Review: Hugh Jackman concludes his superhero run with the violent, grounded ‘Logan’
Hugh Jackman has played Wolverine nine times. Over those 17 years, the clawed and tortured anti-hero became a fan favorite, and Jackman became the face of the “X-Men” franchise. Known to himself and others as Logan, Wolverine’s popularity was unmatched outside of the Marvel Cinematic Universe. But after nearly two decades of rigorous diets and growled one-liners, Jackman decided to call it quits. One final film, he announced, and he would leave Logan behind.
With Jackman’s intentions in mind, writer-director James Mangold avoided large-scale battles or conflicts in his story treatment. Instead, Mangold went small, focusing on the relationship between Wolverine and Dr. Charles Xavier (Patrick Stewart), the former leader of the X-Men, in a barren and bleak futuristic setting. The result is a grounded, violent story that serves as a fitting farewell to both Logan and Jackman. With heavy thematic and emotional material, “Logan” is a contemplative action-drama that sets new standards for superhero films.
Part of the success comes from the backdrop. Set in 2029, the film envisions a world practically devoid of mutants. Logan (real name James Howlett) is headed toward the ripe age of 150, thanks to healing powers that have begun to fail him. His indestructible metal skeleton is rotting him from the inside, and he spends his days haunted by an unspeakable tragedy. To keep himself busy, Logan houses the very old, now seizure-prone Xavier in an abandoned smelting plant south of the border. He moonlights as an Uber driver. His reasons for living have grown harder to recall.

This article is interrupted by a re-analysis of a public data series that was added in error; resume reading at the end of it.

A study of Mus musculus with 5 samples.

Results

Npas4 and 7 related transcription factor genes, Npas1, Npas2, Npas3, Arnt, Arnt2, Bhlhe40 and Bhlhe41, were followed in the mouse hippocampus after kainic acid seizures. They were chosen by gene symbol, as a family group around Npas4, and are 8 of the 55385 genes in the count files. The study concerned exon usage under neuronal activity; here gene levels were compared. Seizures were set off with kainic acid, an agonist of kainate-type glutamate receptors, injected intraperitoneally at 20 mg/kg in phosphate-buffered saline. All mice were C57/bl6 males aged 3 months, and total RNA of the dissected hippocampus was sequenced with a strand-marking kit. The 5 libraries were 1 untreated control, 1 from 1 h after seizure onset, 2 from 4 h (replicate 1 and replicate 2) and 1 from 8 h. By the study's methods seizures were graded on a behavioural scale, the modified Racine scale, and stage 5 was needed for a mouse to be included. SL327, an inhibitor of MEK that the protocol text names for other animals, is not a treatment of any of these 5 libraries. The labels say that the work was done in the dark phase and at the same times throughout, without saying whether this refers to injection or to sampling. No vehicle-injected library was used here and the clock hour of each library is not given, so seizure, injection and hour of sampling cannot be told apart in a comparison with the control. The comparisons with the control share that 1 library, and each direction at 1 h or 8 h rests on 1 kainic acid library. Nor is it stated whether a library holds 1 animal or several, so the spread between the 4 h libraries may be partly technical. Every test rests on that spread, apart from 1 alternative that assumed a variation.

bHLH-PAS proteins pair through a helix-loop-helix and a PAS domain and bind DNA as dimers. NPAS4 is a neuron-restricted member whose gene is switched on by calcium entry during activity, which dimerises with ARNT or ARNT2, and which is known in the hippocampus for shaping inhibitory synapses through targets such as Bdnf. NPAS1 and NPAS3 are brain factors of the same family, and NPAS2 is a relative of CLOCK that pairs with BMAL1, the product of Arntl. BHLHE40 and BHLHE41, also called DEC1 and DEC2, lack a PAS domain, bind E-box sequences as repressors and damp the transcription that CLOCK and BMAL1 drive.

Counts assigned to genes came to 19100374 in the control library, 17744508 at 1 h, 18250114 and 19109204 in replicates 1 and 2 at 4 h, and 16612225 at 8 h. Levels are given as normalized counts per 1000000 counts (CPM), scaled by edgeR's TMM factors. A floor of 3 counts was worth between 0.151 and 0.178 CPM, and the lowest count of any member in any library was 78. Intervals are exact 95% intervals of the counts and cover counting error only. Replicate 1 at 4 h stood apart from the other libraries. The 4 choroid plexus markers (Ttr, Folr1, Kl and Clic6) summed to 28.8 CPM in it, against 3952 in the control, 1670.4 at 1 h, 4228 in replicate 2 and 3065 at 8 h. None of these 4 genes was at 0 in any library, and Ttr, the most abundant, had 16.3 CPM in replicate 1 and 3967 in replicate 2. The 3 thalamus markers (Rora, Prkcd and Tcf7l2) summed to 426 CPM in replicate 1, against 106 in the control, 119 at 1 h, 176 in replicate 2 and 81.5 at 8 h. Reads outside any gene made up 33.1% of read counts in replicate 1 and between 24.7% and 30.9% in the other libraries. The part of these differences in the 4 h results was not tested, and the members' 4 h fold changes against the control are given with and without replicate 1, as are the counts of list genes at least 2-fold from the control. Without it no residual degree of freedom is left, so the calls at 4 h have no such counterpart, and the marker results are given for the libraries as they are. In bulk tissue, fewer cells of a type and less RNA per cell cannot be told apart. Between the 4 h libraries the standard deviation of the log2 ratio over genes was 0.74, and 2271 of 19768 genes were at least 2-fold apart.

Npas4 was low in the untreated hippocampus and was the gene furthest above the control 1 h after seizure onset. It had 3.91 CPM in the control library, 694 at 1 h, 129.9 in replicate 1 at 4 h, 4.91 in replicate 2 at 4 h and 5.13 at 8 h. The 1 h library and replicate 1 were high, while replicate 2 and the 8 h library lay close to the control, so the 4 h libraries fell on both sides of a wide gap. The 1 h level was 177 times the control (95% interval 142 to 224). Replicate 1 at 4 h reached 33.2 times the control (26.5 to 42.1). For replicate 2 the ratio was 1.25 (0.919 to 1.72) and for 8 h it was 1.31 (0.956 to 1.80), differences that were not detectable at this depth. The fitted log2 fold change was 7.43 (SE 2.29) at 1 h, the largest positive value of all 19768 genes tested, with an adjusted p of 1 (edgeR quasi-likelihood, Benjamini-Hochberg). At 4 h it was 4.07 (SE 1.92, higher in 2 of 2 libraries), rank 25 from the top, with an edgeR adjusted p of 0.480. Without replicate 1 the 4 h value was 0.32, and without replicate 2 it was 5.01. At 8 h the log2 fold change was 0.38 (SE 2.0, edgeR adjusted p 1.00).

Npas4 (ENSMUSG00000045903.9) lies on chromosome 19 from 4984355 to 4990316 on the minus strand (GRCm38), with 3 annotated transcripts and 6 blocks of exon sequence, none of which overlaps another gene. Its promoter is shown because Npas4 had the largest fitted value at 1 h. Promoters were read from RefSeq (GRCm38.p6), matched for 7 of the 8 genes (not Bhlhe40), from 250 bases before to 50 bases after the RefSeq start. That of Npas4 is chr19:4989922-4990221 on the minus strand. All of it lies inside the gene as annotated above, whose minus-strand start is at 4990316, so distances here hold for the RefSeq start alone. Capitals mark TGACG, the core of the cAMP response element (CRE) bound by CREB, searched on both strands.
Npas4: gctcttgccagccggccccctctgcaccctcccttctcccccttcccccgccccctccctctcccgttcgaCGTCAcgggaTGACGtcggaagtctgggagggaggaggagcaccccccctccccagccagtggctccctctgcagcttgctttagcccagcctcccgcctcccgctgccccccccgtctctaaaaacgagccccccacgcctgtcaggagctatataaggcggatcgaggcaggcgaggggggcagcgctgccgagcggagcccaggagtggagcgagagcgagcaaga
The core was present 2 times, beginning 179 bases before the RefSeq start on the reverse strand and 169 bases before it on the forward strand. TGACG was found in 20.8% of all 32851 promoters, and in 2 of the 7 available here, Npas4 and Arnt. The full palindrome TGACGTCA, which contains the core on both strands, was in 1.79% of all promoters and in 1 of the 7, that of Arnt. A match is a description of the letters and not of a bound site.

When he is given the opportunity to lead a small mutant girl named Laura (embodied convincingly by newcomer Dafne Keen) to safety, he hesitates. But Xavier implores him to go. And after a vicious battle with a militarized government agency, the three of them set out on a bloody road trip. A partially cybernetic bounty hunter (Boyd Holbrook) traces their every move.
Death hangs over this story as both threat and theme. Mangold generates much of the film’s excitement through a series of well-staged action sequences, pushing the R rating to its limit. The violence is bloody, visceral and horrific. “Logan” is not for the squeamish. As Wolverine gets dragged back into the brutal world he left behind, the whirlwind of wounds, claws and bullets proves exhilarating.
Jackman’s, Stewart’s and Keen’s performances anchor the lulls in the action. All three are excellent. Stewart, in particular, brings tragedy and regret to a character previously defined by his wisdom and guidance. Keen, meanwhile, is a revelation. Laura’s stoicism and prolonged silence through much of the film make playing her a challenge. Keen knocks it out of the park, adding a feral ferocity to her that is jaw-dropping when unleashed. And her chemistry with Jackman is funny, dramatic and magnetic.
“Logan” has flaws, and most come from its blunt symbolism. In particular, a certain villain comes across as a bizarre creation, unfit for Mangold’s brooding vision. The attempts to provide some thematic depth while adhering to a comic book story are admirable. But that dichotomy produces several elements that just feel out of place. It’s disappointing to see a movie begin with a dark, realistic tone and then throw it out the window. Other characters, including one played by the always clever Stephen Merchant, function mostly as plot devices.
Minor quibbles aside, “Logan” is a wild, entertaining ride that brings humanity to Wolverine. The story acts as a novella, capturing a hero at his weakest and providing him one last shot at redemption. Jackman ends his run on a bittersweet high note. Wolverine has never looked so bad yet felt so good to watch.